The cottontail is one of the most common small mammals in Minnesota. This rabbit is seen throughout the state, especially in semi-open areas that have thick, low cover such as brush piles and hedges. The cottontail is a favorite food of many predators.
General description: This small grayish-brown mammal has a white (cotton-colored) tail and a rusty patch on the back of its neck. Its belly, chin, tail and inner legs are white.
Length: Between 12 and 16 inches.
Weight: 2 to 3 pounds.
Sounds: None, except a high-pitched squeal when it is attacked.
The cottontail is a prolific animal. A female may give birth to a litter of four to six young and within hours after giving birth, be bred again. Three weeks later she will have another litter. The young of the first litter fend for themselves when the second litter arrives.
Rabbits are hairless, sightless, and virtually helpless at birth. They weigh about an ounce at birth and are no bigger than a person's thumb. To keep them warm, the mother digs a shallow saucer-shaped nest in the ground and lines it with grass and her own belly hair. Baby cottontails leave the nest after three weeks.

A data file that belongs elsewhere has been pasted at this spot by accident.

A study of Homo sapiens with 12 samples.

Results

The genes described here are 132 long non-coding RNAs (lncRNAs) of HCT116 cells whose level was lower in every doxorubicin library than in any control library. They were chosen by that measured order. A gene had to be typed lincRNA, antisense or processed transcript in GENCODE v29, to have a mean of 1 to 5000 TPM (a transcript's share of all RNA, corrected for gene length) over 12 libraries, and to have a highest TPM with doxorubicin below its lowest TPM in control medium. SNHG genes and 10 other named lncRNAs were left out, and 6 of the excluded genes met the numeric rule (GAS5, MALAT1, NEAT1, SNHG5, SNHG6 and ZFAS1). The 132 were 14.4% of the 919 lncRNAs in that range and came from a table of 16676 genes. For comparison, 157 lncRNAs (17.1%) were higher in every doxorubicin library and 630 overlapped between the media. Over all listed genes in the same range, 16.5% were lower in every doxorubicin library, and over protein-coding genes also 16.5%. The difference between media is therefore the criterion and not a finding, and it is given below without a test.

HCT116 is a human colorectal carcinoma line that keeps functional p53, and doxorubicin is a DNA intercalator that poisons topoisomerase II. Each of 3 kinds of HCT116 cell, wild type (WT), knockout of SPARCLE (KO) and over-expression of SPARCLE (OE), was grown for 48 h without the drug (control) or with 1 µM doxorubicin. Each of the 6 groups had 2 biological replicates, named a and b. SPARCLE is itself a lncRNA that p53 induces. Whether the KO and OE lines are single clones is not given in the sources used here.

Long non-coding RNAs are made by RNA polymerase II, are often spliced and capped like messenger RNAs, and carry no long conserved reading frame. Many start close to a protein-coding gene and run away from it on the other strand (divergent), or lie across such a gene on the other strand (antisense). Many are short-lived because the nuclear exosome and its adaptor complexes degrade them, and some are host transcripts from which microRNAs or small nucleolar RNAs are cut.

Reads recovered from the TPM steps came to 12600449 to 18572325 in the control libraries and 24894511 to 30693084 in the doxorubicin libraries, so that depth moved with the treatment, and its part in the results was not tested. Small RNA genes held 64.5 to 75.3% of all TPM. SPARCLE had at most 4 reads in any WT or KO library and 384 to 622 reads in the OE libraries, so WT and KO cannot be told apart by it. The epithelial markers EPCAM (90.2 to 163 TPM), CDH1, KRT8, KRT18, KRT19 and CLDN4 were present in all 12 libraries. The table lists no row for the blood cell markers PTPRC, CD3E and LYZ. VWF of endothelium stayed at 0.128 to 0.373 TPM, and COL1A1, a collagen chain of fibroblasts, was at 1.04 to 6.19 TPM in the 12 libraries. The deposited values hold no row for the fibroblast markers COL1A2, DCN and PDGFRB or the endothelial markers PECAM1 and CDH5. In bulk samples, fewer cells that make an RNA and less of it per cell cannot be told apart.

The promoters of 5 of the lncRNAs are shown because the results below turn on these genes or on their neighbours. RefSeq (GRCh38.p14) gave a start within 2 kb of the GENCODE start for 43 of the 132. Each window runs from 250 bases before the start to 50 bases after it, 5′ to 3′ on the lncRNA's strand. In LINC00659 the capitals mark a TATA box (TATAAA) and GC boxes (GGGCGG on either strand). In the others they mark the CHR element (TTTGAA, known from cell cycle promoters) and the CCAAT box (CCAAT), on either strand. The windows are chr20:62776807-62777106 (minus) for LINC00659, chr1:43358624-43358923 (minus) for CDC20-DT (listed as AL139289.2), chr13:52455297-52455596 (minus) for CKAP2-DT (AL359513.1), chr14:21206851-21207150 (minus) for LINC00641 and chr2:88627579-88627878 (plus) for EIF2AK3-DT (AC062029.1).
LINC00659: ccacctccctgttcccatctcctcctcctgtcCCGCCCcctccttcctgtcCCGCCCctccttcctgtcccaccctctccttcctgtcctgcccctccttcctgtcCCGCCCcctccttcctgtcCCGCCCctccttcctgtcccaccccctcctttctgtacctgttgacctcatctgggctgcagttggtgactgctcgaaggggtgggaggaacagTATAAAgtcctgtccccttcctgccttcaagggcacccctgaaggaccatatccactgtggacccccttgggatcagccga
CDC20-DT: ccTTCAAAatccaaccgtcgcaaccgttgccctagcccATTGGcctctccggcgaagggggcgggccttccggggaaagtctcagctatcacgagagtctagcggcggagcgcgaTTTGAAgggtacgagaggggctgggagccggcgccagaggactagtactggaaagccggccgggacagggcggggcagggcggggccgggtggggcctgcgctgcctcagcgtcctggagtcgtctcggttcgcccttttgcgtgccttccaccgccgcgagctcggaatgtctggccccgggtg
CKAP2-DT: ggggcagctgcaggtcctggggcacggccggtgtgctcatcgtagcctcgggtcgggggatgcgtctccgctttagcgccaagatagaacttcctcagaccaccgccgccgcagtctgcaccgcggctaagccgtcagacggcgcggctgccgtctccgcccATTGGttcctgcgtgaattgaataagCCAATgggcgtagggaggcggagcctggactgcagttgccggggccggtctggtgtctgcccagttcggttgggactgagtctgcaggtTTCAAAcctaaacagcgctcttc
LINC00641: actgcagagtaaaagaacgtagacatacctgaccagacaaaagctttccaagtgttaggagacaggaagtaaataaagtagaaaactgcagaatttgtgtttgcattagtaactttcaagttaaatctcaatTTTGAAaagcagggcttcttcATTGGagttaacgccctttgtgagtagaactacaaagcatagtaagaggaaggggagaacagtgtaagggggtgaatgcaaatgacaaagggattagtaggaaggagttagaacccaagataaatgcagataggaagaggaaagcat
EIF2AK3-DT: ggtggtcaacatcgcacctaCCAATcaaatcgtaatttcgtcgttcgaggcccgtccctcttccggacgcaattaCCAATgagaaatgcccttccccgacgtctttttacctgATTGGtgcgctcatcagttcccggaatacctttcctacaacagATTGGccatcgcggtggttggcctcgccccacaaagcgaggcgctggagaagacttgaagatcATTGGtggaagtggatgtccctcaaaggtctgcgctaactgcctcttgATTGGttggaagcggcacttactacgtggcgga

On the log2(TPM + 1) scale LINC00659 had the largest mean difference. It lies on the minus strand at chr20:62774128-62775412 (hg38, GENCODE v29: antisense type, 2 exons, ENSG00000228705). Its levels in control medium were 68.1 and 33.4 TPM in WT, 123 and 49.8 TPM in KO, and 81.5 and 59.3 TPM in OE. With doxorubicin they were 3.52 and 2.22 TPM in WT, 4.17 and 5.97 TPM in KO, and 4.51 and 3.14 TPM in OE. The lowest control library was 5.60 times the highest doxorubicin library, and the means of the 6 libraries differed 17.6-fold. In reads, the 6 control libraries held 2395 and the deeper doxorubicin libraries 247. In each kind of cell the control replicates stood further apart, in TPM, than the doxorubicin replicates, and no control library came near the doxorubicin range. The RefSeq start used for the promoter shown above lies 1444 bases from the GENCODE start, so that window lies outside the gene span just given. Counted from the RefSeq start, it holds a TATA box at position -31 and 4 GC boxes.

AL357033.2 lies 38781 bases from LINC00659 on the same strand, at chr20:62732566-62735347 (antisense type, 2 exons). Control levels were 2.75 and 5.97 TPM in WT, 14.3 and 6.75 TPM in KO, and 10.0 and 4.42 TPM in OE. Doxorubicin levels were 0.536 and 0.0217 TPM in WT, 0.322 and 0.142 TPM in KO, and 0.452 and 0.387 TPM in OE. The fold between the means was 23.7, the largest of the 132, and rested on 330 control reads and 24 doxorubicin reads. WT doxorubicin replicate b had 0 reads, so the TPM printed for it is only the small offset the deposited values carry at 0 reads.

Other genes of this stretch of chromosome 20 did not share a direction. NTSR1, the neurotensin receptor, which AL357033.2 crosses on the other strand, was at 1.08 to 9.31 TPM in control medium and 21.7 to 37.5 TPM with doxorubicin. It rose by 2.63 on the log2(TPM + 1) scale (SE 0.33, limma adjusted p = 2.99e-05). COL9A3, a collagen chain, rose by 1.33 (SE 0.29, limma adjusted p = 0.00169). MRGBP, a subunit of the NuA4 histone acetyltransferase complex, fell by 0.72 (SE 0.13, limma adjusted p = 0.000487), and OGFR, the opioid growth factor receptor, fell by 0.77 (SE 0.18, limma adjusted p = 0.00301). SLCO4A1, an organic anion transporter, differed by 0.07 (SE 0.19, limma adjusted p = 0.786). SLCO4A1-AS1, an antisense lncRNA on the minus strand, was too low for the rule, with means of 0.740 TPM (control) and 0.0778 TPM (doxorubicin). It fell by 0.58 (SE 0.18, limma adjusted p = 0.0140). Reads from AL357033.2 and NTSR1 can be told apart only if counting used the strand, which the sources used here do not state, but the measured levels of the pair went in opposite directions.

Cottontails eat green plants, twigs, tree bark, and sometimes their own vitamin-rich droppings.
Almost all predators--including rattlesnakes, hawks, mink, foxes, bobcats, fishers, weasels, coyotes, dogs, cats, skunks, raccoons, and wolves--eat cottontails. Some people hunt rabbits for their meat.
Habitat and range
Throughout the year, cottontails are found in brushy areas such as woodlots, shelterbelts, and even around shrub and conifer plantings in suburban areas. During summer they feed on grasses and clovers, but in winter they eat twigs and bark, especially of fruit trees. Large tree and brush piles are popular shelters for rabbits. The range of one cottontail is no more than five acres (about the size of four football fields). They run along trails within thick brush to escape predators.
Population and management
Cottontail hunting is a popular sport in Minnesota -- in fact, it is the number one game animal in the U.S. During the 1999-2000 season, Minnesota hunters harvested about 60,000 cottontails. Each year about 80 percent of the Minnesota's cottontail population dies from weather, predators, or disease. The remaining 20 percent have little trouble repopulating the landscape.
Cottontails are nervous animals that may die of shock if handled or caged. Cottontail meat is tasty favored by gourmet chefs who often cook it fried, in stews, or braised with herbs and vegetables.